Lowdown on Redevelopment Dissolution and Property Disposition

When the redevelopment system was dismantled in 2012, redevelopment leaders were afraid that the state Department of Finance (DOF) would force a fire-sale of redevelopment assets that could drive prices down and undermine cities’ ability to complete redevelopment projects. Now successor agencies are slowly putting real estate on the market, partly because both successor agencies and DOF are getting around to dealing with Long-Range Property Management Plans or LRPMPs – plans that delineate how to dispose of properties owned by former redevelopment agencies. 

Property sales must be approved both by the successor agency’s oversight board and by DOF.  Redevelopment agencies have been battling DOF over their ROPS, or Recognized Obligation Payment Schedules. By mid-June, 232 such plans had been approved, representing 60 percent of all successor agencies with property. A further 86 had been submitted to DOF. There is no central, publicly available resource to tell what is happening to ex-redevelopment properties overall. While much information is posted on the DOF Web site and successor agencies' sites, it is not organized to enable systematic search or review.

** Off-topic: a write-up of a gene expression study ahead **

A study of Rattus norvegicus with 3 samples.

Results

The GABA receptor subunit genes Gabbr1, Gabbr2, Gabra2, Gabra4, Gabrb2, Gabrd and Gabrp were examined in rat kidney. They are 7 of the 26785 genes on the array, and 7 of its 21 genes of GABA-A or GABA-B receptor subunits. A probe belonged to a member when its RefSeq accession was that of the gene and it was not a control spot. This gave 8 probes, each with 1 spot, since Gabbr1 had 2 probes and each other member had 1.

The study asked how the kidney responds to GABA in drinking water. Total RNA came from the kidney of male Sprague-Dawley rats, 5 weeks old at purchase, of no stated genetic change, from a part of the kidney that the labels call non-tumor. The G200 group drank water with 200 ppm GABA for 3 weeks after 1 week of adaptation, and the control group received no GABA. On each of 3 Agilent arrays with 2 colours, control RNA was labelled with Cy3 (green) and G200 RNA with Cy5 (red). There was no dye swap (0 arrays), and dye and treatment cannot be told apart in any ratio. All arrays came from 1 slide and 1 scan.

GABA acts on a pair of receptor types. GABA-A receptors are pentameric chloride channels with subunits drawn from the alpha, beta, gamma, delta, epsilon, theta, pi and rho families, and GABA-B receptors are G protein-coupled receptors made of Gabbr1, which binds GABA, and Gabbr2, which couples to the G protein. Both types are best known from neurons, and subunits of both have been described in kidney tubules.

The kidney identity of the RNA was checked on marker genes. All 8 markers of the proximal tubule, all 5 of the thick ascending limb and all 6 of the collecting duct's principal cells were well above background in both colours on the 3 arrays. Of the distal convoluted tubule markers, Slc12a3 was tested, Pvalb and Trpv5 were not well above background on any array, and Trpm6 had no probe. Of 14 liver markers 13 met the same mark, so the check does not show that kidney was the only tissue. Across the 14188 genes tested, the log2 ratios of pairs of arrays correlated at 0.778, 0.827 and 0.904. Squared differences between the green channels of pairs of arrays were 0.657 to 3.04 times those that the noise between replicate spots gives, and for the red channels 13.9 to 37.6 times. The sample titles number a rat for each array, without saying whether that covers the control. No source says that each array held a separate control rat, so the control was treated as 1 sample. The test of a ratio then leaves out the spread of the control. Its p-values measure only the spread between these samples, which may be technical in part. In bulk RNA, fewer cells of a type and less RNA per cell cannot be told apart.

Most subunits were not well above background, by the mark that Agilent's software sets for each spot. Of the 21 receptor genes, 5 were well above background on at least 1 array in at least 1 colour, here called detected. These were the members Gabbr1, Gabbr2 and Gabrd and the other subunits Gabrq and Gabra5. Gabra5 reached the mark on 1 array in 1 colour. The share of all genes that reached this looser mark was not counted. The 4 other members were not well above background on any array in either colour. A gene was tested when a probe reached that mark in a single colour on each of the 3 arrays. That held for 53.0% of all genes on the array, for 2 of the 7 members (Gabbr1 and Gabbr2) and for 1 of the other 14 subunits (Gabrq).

Tara Matthews, one of our Partners, was featured in a recent California Planning and Development Report article about LRPMP property disposition.  As Tara said in the article, "The disposition process is confusing, cities are short-staffed, the typical brokerage companies don't understand the process and are hesitant to take it on, and developers don't know what options are available or how to initiate the conservation with cities." 

Tara is a positive thinker who loves to identify opportunities and come up with well-thought out solutions. Anyone looking to learn more about the potential opportunities in post-redevelopment real estate should talk to Tara at RSG.


Written by Andrew Gee, a Senior Associate at RSG.